Are you confused about home sales? If so, you have lots of company. There is a good news, bad news story going on out there and it is sometimes hard to figure out who has got the story right. While the market is down 15% year over year, Chicago area home sales in March of 2011 were up 41.3% over February. Prices in the Chicago area are down 14% over last year, but up 3.6% in March versus February 2011. Some 53% of home sales in all of Chicago and suburbs were distressed properties. What is happening is what was predicted: the market is clearing out the inventory of distressed properties, volume of sales is increasing, prices are moderating. The recent month over month statistics are more meaningful because last year the market was heavily skewed by the government tax credit.
If you read Crain's Chicago Business today the headline is "Local Home Sales Fall For 9th Straight Month." The story relies on year over year statistics that admittedly show a fall in activity. But again, this dismisses the impact of government stimulus on the statistics. The fact is that the real estate market is slowly improving with the rest of the economy. The bright spots are that the inventory of distressed properties is being washed out of the system, corporate profits are rising, retail sales are improving, job creation, although still anaemic, is happening. The National Association of Realtors index of affordability is at 13, meaning that homes have never been more affordable since NAR began keeping records in 1970.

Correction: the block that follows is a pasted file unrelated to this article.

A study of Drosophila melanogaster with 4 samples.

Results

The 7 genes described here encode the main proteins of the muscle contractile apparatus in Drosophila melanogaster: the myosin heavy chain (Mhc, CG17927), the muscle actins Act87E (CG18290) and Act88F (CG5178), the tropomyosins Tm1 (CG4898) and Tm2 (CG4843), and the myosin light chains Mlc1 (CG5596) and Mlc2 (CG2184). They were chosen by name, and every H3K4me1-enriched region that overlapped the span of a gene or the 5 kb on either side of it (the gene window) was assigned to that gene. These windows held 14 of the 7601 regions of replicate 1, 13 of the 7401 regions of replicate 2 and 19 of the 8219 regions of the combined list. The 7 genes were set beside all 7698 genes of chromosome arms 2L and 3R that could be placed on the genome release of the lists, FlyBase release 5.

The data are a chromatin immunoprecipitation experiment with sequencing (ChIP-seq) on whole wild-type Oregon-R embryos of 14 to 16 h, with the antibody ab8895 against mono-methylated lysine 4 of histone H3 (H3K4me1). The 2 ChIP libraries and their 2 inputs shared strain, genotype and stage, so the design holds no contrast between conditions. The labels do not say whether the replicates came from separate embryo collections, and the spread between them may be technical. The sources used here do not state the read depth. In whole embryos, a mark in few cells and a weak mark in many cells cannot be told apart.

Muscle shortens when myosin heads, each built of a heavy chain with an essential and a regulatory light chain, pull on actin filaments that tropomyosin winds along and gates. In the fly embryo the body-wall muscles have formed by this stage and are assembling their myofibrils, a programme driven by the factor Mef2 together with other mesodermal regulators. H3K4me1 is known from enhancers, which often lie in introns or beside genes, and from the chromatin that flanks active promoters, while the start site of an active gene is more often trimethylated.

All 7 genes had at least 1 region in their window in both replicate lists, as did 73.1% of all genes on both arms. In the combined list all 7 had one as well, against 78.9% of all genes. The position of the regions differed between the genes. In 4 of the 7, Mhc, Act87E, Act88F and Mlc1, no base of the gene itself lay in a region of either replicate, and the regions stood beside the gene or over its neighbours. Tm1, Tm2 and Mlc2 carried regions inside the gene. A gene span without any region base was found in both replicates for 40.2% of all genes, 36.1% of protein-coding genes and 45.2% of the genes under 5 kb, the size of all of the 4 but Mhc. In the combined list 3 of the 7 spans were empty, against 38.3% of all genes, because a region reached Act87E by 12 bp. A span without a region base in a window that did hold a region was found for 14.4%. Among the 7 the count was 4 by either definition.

On the minus side, mortgages are hard to get and with the fate of Fannie Mae and Freddie Mac in flux the lending markets are moving cautiously. Employment is lower in Chicago than it has been for two years, but at 8.9% it is still too high for home sales to really get traction. Finally, the volume of distressed properties on the market will increase this year putting downward pressure on prices.
But the fact remains that sales volume is increasing and prices are moderating. The fact that the economy in general is improving bodes well for real estate. And no one is building new housing, making a shortfall likely in a few years. Koenig & Strey continues to outperform the market and is well positioned for the future. As you might expect, we are very bullish on the Chicago real estate market.